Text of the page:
Giving Generously



With the passage of federal tax cuts and the Jobs Act in late 2017, nonprofits held their collective breath to see how charitable giving would be impacted. They worried that contributions would decrease as a result of the higher standard deductions allowed under the new tax law. The old law allowed standard deductions of $6,350 for individuals and $12,700 for married couples filing jointly; the new law nearly doubled that, raising the standard deductions to $12,000 and $24,000, respectively. 

While most people’s interest in philanthropy isn’t driven by tax considerations, charitable organizations feared the worst because the tax incentive to give had been eliminated for many taxpayers.

According to the National Philanthropic Trust, Americans gave $427.71 billion to charitable organizations in 2018, an increase of 0.7% over 2017 giving levels. Interestingly, the Urban Institute reports that there are a total of 1.5 million charitable organizations in the United States. To those, a majority of charitable contributions went to religious organizations (29%), educational institutions (14%), human service providers (12%), grant-making foundations (12%), and finally, health services firms (9%). 

Some early evidence suggests that the Tax Reform Act did depress charitable giving by individuals. Of the total $428 billion contributed in 2018, corporate giving increased to $20.5 billion or 5.4% more than in 2017, and foundation giving increased to $75.86 billion, 7.3% more than in 2017. Since total giving was only up 0.7%, simple math indicates that individual giving declined in 2018. We should be cautious, however, in concluding that a one-year decline can be attributed to an increase in the standard deduction.

Let’s dig a little deeper into who is contributing and supporting charitable causes and how they provide their support. The Indiana University Lilly School of Philanthropy’s biannual survey in 2018 showed that 90% of all “high net worth” households in the U.S. gave to charity, with donors contributing an average of $29,000 annually. This level of giving compares to about $2,500 per year given by “general population households.” An interesting side note is that charitable giving appears to be a learned trait, as adults are far more likely to become givers if their parents gave.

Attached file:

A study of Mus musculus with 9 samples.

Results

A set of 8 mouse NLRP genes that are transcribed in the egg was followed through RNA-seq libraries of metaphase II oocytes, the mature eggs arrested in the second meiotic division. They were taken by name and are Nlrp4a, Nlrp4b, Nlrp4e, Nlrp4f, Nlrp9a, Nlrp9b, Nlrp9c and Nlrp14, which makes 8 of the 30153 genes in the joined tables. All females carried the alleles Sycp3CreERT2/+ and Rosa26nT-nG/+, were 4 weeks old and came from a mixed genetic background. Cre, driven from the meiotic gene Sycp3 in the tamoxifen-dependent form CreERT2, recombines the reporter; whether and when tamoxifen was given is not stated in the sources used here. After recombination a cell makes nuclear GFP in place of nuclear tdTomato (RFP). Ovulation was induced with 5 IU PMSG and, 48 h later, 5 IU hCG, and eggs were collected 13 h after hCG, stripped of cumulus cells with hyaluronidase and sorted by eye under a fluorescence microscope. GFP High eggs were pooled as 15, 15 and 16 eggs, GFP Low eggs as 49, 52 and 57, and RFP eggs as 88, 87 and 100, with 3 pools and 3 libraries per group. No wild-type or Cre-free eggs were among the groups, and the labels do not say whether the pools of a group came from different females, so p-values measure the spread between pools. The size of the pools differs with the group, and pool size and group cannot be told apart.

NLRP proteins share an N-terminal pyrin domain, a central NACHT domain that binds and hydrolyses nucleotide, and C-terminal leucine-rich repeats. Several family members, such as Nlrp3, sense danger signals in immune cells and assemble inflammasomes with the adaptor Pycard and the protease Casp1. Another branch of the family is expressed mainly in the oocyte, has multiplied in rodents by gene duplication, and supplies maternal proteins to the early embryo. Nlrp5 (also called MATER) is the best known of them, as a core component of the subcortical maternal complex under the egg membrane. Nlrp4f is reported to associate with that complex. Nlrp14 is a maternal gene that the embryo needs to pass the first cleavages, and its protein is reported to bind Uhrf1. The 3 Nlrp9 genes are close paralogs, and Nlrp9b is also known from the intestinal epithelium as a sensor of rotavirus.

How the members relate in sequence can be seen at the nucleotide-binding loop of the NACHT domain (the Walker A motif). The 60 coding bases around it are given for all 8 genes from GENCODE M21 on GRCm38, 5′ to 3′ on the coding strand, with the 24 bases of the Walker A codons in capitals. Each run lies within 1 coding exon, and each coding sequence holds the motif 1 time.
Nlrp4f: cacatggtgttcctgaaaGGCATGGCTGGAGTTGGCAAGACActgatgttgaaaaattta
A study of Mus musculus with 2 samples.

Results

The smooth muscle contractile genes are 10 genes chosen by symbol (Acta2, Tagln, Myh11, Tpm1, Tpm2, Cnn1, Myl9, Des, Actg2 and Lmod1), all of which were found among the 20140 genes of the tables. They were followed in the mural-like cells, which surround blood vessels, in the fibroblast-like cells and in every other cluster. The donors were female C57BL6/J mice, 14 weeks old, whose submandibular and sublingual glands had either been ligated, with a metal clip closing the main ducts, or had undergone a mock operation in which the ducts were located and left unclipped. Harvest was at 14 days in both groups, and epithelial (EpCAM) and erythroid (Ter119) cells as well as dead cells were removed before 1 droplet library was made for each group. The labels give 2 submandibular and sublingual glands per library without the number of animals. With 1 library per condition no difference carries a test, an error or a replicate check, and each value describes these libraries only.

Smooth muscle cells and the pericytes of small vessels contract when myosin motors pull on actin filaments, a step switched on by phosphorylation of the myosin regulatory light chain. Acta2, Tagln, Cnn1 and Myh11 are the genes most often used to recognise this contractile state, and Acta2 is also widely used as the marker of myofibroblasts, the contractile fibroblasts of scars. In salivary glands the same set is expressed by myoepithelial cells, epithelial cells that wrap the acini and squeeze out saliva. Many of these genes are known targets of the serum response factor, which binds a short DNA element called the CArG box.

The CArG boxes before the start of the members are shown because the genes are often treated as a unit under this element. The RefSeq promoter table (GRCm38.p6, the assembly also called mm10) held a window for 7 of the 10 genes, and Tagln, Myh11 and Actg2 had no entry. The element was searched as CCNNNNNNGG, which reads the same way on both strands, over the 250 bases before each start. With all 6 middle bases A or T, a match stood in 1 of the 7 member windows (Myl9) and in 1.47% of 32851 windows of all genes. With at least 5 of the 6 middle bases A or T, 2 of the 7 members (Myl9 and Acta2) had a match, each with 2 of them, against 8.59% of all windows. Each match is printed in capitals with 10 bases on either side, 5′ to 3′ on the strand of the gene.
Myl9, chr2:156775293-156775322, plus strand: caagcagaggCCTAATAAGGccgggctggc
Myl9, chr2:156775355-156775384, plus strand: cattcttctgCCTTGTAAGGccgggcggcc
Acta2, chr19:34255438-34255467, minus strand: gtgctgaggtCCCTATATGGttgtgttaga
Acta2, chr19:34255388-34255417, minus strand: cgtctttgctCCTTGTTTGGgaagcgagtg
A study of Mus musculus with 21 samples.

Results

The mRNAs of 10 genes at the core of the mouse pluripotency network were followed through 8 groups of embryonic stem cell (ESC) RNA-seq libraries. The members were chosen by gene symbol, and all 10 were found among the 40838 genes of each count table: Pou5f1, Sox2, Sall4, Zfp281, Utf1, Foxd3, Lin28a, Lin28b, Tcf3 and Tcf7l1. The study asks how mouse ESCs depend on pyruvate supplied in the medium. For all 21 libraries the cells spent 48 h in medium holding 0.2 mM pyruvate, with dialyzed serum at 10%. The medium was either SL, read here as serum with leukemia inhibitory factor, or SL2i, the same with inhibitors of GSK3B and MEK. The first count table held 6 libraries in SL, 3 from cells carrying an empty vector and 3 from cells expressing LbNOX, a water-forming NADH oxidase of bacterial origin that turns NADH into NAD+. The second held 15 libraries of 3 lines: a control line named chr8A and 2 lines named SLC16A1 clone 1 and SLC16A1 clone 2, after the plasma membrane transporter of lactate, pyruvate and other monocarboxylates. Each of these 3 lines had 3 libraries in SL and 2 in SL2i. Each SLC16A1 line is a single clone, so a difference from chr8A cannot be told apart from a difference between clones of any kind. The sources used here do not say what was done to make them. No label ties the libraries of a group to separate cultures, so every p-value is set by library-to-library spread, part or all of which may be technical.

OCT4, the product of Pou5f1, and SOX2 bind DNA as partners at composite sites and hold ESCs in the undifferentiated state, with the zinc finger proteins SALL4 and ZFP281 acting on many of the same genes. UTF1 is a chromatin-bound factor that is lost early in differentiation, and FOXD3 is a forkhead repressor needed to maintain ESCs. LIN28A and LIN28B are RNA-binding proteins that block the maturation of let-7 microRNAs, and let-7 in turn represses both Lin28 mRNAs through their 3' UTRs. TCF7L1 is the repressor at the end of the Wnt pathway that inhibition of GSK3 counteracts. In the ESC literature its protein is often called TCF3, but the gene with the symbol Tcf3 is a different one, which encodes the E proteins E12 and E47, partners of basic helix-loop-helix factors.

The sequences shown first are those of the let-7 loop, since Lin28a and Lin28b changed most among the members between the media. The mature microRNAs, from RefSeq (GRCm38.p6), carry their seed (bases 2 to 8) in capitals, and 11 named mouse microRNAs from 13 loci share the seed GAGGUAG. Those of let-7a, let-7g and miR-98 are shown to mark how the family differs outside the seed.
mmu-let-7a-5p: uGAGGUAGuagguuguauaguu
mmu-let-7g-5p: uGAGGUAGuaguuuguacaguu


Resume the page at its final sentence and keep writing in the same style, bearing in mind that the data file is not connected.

“Donor-advised funds” have become the vehicle of choice for high net worth families for distributing their philanthropic dollars. In 2018, there were 463,622 donor-advised accounts, according to the National Philanthropic Trust. These funds held roughly $110 billion in assets and dispersed $29 billion in 2017, the latest year for which data is available. Anyone interested in creating a donor-advised fund can get assistance through the Community Foundation of the Lowcountry here on Hilton Head Island.

Another way Americans contribute to charitable organizations is through volunteering. Every year approximately 77 million Americans, 30% of our adult population, donate their time and talents and make a difference. To put a number on this, the Corporation for National and Community Service calculates that the national value of volunteer time is $24.69 per hour. The total value of volunteer hours donated to American communities is $167 billion over and above dollars contributed. Volunteer hours were spent supporting religious institutions (32%), sports, hobbies and the arts (26%) and youth mentoring (26%). 

According to “Giving USA,” the longest running, most comprehensive report on philanthropy in America, philanthropy in the the United States accounted for 2.1% of our gross national product in 2018. In Beaufort County giving opportunities abound, with a total of 1,412 non-profit and 501C3 organizations filing tax-exempt status in 2019. These organizations report almost $600 million in total assets and $326 million in total income. 

The bottom line appears to be that American philanthropy is alive and well for both corporations and individuals. 

Elihu Spencer is a local amateur economist with a long business history in global finance. His life work has been centered on understanding credit cycles and their impact on local economies. The information contained in this article has been obtained from sources considered reliable but the accuracy cannot be guaranteed.